By: David Bach  |  Last Updated: February 18, 2021
Financial Expert & 10x New York Times Bestseller
This content was originally published on Money.com
IN THIS ARTICLE1. Figure out your “salary” and pay yourself first
2. Fund a Roth IRA to keep some contributions accessible
3. Look into a 401(k) made just for you

Working for yourself means your retirement savings plan falls entirely on your shoulders. With the day-to-day operations of running your own business, it can be easy to let investing for the future fall by the wayside.

The ranks of independent workers are growing by the day, as millions of Americans lose their jobs due to the Covid-19 outbreak and accompanying economic slowdown. Whether you’re a long-time freelancer by choice, or temporarily freelancing to make ends meet, here are three tips you can use to get started on the path to retirement planning. If you don’t have the cash flow to begin right away, keep these moves in mind for when your financial situation improves.

1. Figure out your “salary” and pay yourself first

It’s surprising how few self-employed people actually budget for retirement savings, says Marty Reid, president of Reid Financial Consulting in Charlotte, N.C.: “They need to make sure they have a really good understanding of their expenses and cash flow, and they need to include a retirement plan contribution as part of their budget.”

“Most people are shocked at how much it really costs them to run their business,” adds Danielle L. Schultz, principal financial planner at Chicago-area Haven Financial Solutions. “The first thing I tell people is, all the money that you get isn’t yours. Look at your tax return to see what it costs you to run a business.”

As a rule of thumb, your expenses shouldn’t be more than 30% of your total earnings, and another 20% of your gross income should be earmarked for taxes, Schultz says: “For every $100 you earn, you only have $50 of spendable money.”

It’s up to you whether you want to allocate your retirement funds from your “business expenses” or “spending money” bucket, Schultz says — just make sure you stay within that 30% if you’re counting it as an expense.

2. Fund a Roth IRA to keep some contributions accessible

Schultz says a Roth IRA is a good retirement vehicle for self-employed professionals because it offers more flexibility than traditional accounts, which can’t be tapped without penalty before you reach the minimum distribution age of 59½.

A Roth IRA “can be a backup emergency fund, because you can take out your own contributions,” Schultz says. There are a few things to keep in mind with a Roth, she notes: First, you can only withdraw contributions without penalty before age 59½., not any earnings your investment made in the stock market. There are some situations where you can avoid paying a penalty on earnings withdrawals (although you’ll still have to pay income tax on them): if you’re putting the money towards your first house or unreimbursed medical expenses, or if you become disabled.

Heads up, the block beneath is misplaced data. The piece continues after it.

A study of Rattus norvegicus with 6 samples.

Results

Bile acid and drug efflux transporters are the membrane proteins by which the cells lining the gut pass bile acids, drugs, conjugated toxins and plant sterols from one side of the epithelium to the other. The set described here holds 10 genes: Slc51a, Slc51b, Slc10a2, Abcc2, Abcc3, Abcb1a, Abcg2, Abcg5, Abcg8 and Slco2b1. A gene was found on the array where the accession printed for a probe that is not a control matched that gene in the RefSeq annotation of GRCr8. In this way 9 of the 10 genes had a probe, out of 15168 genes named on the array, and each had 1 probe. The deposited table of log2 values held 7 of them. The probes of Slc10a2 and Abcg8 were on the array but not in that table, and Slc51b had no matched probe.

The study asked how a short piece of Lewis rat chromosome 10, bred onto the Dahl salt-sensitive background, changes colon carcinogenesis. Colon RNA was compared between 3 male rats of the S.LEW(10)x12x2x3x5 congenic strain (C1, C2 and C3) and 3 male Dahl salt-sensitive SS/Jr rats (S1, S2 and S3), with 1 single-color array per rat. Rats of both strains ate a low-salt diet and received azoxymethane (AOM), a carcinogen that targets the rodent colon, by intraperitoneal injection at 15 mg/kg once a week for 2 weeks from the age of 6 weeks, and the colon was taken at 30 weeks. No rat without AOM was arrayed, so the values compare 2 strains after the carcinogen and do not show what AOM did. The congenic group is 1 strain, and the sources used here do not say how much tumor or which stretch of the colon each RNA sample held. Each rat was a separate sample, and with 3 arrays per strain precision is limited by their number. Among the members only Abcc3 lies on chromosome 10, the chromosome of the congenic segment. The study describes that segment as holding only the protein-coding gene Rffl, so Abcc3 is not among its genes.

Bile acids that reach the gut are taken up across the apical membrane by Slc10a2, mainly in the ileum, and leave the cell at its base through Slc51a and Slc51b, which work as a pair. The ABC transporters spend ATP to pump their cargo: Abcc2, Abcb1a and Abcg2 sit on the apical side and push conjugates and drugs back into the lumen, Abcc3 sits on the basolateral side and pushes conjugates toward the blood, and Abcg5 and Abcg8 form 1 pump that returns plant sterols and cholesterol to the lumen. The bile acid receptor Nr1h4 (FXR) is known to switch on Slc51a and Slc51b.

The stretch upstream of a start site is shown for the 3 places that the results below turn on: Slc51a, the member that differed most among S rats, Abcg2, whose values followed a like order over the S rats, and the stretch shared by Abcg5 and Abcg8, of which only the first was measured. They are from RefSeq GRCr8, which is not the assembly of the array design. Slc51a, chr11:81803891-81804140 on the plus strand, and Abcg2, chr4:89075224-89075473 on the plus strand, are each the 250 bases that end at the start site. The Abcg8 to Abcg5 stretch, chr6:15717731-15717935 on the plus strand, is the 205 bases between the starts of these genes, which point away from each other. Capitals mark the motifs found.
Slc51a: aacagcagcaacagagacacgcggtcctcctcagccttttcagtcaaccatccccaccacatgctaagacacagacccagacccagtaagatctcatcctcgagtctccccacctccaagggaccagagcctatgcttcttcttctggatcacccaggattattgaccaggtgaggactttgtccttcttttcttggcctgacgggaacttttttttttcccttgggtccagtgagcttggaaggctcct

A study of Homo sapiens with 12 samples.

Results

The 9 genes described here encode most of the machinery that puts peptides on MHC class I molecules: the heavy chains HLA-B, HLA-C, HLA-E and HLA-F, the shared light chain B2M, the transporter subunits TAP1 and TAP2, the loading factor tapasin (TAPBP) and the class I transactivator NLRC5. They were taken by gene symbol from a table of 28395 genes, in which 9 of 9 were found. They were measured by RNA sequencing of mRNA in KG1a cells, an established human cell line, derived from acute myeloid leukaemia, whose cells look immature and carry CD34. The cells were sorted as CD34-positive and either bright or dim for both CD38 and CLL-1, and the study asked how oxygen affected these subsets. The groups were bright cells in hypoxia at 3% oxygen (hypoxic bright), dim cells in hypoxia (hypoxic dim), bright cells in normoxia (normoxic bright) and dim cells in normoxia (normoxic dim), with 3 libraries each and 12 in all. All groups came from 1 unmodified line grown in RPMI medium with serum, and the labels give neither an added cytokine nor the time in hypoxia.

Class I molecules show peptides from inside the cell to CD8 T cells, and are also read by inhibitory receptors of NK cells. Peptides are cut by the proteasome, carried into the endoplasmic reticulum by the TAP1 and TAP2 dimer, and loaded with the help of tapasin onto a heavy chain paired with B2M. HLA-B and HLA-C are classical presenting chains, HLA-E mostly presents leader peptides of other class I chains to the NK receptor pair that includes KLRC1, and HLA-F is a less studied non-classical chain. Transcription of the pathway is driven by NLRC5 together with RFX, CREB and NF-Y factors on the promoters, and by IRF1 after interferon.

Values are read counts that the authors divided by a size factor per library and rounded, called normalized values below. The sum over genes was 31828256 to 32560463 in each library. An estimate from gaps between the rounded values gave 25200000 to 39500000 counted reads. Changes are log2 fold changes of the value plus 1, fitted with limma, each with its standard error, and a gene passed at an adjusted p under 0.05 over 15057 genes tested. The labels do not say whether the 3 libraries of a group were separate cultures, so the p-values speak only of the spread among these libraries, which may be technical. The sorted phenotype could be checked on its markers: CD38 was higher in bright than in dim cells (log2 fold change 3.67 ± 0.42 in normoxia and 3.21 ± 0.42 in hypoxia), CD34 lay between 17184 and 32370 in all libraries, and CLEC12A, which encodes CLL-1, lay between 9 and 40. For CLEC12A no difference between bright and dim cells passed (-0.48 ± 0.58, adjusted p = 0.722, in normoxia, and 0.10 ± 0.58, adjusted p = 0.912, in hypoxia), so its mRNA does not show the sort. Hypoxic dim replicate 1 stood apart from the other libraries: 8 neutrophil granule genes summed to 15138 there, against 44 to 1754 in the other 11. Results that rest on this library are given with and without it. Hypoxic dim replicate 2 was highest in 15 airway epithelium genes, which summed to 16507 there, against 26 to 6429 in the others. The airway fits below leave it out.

“I really urge people to contribute to the Roth until they’ve reached the maximum,” she says. The annual contribution limit is $6,000 in 2021 for people under the age of 50. (Those 50 and over are allowed an additional $1,000 a year in “catch-up contributions,” for a total of $7,000.)

Roth eligibility also depends on your income. Single filers with an adjusted gross income of $124,000 or less can contribute the full amount; for married couples filing jointly, that threshold is $196,000. Single filers earning up to $139,000 and married couples earning up to $206,000 can contribute a partial amount.

3. Look into a 401(k) made just for you

“My favorite savings vehicles are self-employed 401(k) plans,” says Dana Levit, owner of Boston-area Paragon Financial Advisors. “They allow for the most potential savings.” 

Also referred to as solo or individual 401(k)s and intended for sole proprietors (business owners who don’t have any non-spouse employees on their payroll), these plans allow for greater savings. They let you contribute the regular maximum contribution you would be able to for an employer-sponsored 401(k) plan — that’s $19,500 in 2021 for workers under 50 — plus, a share designated as the employer’s share, which is equivalent to 25% of W-2 income or 20% of Schedule C or K-1 income.

It might sound a little complicated, since sole proprietors, like independent contractors and freelancers, technically wear both “employer” and “employee” hats, but the upshot is that it lets you sock away a lot more money than other retirement plans.

“The one rule about a self-employed 401(k) is you have to establish it by December 31,” Levit says.

If you miss the chance to set one up for the current tax year, Levit advises setting up a SEP-IRA, which only has to be set up by the time you file your taxes, even if you take an extension. The one drawback is that the amount you can contribute is lower — roughly 20% of your net income — but you won’t have to put off retirement planning for another year. “It’s a bit of a last-minute planning tool,” Levit says. And what busy entrepreneurial type doesn’t appreciate being able to make last-minute plans?